Opulent Sothebys' Appalling Treatment of Its Workers Is a Perfect Symbol of the Out of Touch 1%
The way the police protected the uber-moneyed patrons and hassled the picketers made me wonder, yet again, who these public servants are here to serve.
The fact that art, which is meant to be democratic, has become so exclusive was also indicative of what has happened to our society. Money going into art isn't bad. But my guess is that many of these ultra-wealthy buyers are purchasing art as status symbols when they could be patronizing upcoming or struggling artists or arts programs for schools, to produce the next generation. And museums, which are meant to serve the public, should put their weight behind the unions' push for negotiations and refuse to participate in scab auctions. But instead, heads were bowed and people entered the building to go on with their elite business as usual.
There were similar observations to be made in the street: the temporary security workers who had to cross their brothers' and sisters' picket line vividly showed the way capitalism pits the working class against each other. Walking over to York Avenue while well-clad women walked their purebred dogs and two other women scrounged through recycling for deposit bottles, I saw another perfect illustration of the gaping class disparity in our nation.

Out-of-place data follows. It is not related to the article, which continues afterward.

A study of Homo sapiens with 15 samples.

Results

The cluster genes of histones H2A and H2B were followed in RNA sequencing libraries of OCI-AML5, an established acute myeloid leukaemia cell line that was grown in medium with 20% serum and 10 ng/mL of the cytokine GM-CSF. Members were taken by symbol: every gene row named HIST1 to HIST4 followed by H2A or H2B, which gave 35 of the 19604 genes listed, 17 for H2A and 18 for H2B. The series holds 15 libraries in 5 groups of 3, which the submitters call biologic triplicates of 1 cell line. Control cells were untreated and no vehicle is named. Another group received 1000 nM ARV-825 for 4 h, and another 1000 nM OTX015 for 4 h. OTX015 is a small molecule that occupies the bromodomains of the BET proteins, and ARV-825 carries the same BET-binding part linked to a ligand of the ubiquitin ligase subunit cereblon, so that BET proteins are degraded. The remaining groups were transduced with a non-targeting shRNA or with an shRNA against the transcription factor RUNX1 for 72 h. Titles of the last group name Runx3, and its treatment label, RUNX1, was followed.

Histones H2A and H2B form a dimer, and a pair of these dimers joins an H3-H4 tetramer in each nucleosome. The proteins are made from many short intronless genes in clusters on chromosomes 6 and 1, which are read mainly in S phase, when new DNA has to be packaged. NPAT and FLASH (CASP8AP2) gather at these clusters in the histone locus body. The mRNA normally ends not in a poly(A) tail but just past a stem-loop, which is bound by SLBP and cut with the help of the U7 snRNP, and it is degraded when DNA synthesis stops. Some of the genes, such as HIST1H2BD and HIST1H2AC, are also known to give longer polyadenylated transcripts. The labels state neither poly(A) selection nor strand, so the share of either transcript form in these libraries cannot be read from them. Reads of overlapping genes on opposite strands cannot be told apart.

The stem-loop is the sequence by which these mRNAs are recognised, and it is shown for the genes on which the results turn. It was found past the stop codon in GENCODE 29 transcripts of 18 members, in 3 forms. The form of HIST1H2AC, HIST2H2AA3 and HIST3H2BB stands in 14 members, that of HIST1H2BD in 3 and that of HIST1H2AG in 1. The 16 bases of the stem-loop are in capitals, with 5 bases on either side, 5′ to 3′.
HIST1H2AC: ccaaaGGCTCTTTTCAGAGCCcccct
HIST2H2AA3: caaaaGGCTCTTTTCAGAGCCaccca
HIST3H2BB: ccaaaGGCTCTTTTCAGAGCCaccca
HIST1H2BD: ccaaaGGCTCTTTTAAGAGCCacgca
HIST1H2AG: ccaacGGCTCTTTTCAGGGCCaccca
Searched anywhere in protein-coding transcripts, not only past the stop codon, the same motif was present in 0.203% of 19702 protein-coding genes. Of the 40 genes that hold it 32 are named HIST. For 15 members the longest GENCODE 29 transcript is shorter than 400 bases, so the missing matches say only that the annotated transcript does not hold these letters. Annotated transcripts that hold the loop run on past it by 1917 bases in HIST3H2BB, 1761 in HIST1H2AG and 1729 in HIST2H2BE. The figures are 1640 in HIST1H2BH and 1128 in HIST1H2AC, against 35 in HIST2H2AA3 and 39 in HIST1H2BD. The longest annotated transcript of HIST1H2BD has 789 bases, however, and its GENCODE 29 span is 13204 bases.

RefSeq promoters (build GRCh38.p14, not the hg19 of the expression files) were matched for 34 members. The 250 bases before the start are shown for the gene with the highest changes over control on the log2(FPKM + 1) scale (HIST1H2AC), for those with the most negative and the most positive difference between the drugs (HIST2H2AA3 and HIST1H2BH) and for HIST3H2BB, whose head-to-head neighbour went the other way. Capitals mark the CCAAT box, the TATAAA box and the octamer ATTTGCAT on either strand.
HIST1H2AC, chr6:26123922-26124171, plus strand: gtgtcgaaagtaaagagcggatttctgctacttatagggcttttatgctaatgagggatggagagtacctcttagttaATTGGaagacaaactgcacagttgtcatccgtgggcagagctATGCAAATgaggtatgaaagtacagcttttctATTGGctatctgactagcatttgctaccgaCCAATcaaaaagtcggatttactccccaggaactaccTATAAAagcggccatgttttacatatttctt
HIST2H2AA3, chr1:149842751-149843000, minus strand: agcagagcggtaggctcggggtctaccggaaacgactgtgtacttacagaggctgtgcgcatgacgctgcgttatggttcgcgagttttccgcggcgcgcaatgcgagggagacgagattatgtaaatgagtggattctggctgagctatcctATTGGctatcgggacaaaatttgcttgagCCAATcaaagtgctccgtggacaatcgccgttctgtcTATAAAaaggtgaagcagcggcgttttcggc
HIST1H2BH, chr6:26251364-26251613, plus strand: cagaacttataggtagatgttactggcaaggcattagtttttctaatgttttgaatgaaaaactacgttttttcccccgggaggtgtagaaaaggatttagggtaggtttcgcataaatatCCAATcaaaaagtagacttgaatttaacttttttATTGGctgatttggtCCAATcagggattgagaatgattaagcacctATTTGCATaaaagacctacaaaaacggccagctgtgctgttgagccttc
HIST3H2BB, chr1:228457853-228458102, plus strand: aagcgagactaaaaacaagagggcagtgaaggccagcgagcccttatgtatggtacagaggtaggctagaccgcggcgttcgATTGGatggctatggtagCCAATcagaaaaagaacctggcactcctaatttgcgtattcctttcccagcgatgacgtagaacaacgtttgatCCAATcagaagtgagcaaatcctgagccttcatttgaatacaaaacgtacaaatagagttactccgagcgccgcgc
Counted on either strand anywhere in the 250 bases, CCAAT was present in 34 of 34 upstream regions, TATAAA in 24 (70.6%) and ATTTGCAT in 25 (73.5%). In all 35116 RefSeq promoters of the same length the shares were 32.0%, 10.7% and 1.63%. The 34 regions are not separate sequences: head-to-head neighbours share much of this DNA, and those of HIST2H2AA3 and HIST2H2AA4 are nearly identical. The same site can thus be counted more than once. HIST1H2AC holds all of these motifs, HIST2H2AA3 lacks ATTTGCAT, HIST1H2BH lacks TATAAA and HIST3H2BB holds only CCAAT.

But there was hope present, too. When I was a teenager, I spent one summer working on an anti-sweatshop campaign in New York. It seemed like back then, at the height of the student-labor alliance, there was a protest like this nearly every day, a rowdy but focused group of young people on call at each one to stand by workers who had been mistreated.
As I saw signs declaring solidarity between students, Occupy Wall Street and unionized workers, I realized that the occupation has brought that old alliance back into plain view, and brought it further forward.
So while the drums and whistles were subdued at night's end and the outlandish purchases made without much incident, the outrage was still there, and growing. And a new partnership was further cemented.
I walked back and forth snapping photos at the height of the protest, and the first Teamster I'd talked to tapped me on the shoulder: "They came!" he said.
All pictures by Sarah Seltzer. Below are more pictures from the action, in slideshow form (click the box in the bottom right-hand corner to pop them out).
Sarah Seltzer is an associate editor at AlterNet, a staff writer at RH Reality Check and a freelance writer based in New York City. Her work has been published in Jezebel.com and on the websites of the Nation, the Christian Science Monitor and the Wall Street Journal. Find her at sarahmseltzer.com.